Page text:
Leading consumer insight and global reviews giant Feefo has revealed in a recent survey of 2,000 shoppers the best ways for businesses to engage with customers post-purchase.
43% of consumers surveyed claimed that they liked to communicate directly with companies they buy from via email, receiving newsletters or updates containing special offers.
‘Today’s digital landscape is ever-changing and businesses have to meet the needs of their customers across the whole purchase journey in order to maintain sales and brand loyalty,’ claims Feefo’s Head of Digital, Richard Tank.
Feefo’s survey results indicate that brand loyalty is greatly under threat, as almost one-third of shoppers claim that they would switch to another brand or retailer if they had even one single negative experience with a company.
Getting an online customer to complete their transaction is also a challenge for retailers, with 79% abandoning their purchase before checking out and paying. A common reason for this is high shipping costs, which swayed 63% of consumers because it added more to their final total. The pressure is therefore on for retailers to correctly engage with their customers post-purchase in order to maintain valuable feedback that could lead to future sales and ongoing brand loyalty.
The survey also asked participants several questions relating to how they thought and behaved while buying items online, the frustrations they faced that made them angry or annoyed, customer service aggravations and what they thought of automated voice systems. 53% of those surveyed claimed that the biggest frustration of online shopping was not being able to find answers to questions they had about a product. 48% of consumers claimed that they would happily answer a couple of questions that popped up on a website if it resulted in a more enjoyable online shopping experience.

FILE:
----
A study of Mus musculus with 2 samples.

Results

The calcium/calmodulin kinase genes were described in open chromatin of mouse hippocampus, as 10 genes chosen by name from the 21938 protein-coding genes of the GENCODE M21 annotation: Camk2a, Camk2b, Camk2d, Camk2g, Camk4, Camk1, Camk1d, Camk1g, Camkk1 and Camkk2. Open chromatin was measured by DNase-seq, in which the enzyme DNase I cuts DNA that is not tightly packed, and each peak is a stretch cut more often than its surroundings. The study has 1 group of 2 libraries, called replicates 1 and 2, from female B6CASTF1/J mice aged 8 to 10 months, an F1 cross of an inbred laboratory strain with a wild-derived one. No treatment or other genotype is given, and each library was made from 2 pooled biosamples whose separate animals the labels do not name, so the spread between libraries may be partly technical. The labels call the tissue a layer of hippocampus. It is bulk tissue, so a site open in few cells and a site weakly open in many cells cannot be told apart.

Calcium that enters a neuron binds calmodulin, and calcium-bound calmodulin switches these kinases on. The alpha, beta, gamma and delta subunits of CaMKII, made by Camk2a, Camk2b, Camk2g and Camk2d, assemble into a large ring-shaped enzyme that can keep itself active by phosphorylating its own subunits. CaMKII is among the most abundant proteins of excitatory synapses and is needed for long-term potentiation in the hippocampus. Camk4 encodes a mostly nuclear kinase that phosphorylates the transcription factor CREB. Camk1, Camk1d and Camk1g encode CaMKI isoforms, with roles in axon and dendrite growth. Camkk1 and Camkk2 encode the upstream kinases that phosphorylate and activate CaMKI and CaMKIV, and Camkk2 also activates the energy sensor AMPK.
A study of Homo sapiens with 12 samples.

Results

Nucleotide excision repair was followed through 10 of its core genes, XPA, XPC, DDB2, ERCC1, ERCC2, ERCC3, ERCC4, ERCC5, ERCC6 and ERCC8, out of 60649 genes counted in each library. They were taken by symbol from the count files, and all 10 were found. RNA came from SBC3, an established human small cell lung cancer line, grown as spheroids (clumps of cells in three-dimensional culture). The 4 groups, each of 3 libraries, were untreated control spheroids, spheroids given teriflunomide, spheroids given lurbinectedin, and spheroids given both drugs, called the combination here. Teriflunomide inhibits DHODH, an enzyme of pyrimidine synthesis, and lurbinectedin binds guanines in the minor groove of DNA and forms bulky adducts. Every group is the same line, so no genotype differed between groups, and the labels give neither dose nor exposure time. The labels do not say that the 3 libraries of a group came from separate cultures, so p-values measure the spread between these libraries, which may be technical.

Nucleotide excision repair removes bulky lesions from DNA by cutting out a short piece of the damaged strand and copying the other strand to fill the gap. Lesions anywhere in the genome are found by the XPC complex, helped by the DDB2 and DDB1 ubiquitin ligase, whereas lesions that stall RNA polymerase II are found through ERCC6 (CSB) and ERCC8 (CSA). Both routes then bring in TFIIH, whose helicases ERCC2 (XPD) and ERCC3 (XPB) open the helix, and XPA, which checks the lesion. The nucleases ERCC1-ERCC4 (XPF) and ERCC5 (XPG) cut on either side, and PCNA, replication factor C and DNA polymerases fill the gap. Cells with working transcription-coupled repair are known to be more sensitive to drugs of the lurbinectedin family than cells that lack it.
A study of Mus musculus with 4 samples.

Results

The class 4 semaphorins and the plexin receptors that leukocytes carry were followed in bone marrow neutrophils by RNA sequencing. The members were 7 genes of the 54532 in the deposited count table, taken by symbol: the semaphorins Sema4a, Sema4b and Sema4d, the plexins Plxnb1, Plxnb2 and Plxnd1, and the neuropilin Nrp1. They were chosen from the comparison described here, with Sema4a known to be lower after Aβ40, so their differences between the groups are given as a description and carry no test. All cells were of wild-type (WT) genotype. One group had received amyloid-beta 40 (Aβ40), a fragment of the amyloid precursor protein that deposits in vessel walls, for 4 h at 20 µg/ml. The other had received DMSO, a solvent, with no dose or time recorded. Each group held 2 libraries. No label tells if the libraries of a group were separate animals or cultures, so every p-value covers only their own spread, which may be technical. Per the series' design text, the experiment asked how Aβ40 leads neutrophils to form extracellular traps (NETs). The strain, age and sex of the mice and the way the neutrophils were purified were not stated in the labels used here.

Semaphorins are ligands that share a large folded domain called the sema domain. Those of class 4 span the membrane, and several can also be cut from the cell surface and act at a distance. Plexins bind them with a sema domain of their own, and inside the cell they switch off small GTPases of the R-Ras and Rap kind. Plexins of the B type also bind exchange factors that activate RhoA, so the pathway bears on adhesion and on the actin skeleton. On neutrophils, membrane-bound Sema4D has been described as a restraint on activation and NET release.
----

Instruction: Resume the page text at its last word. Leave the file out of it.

Customer pre-purchase behaviour was also highlighted in the survey, which revealed that 79% of online shoppers visit either Amazon (38%) or Google (41%) as the first port of call when making the decision to buy a product on an e-commerce site. 80% of respondents claimed that they consulted the Frequently Asked Questions (FAQs) section of a website, suggesting another way to deliver customer service and effectively communicate with your customers, without handholding.
‘While Google’s online monopoly on the web has long been documented, it’s clear that Amazon is now just as prominent as the search engine, even though it’s technically an online retailer,’ says Tank, who also added that although consumers may conduct initial research on sites like Amazon and Google, they may actually end up making their final purchases on other sites, thereby using these online giants purely for research purposes, without the intention to buy there and then.
The survey also revealed that 82% of shoppers consider price to be the most important factor when making an online purchase. Only 1 in 5 shoppers buy certain items for the sake of it or to impress other people.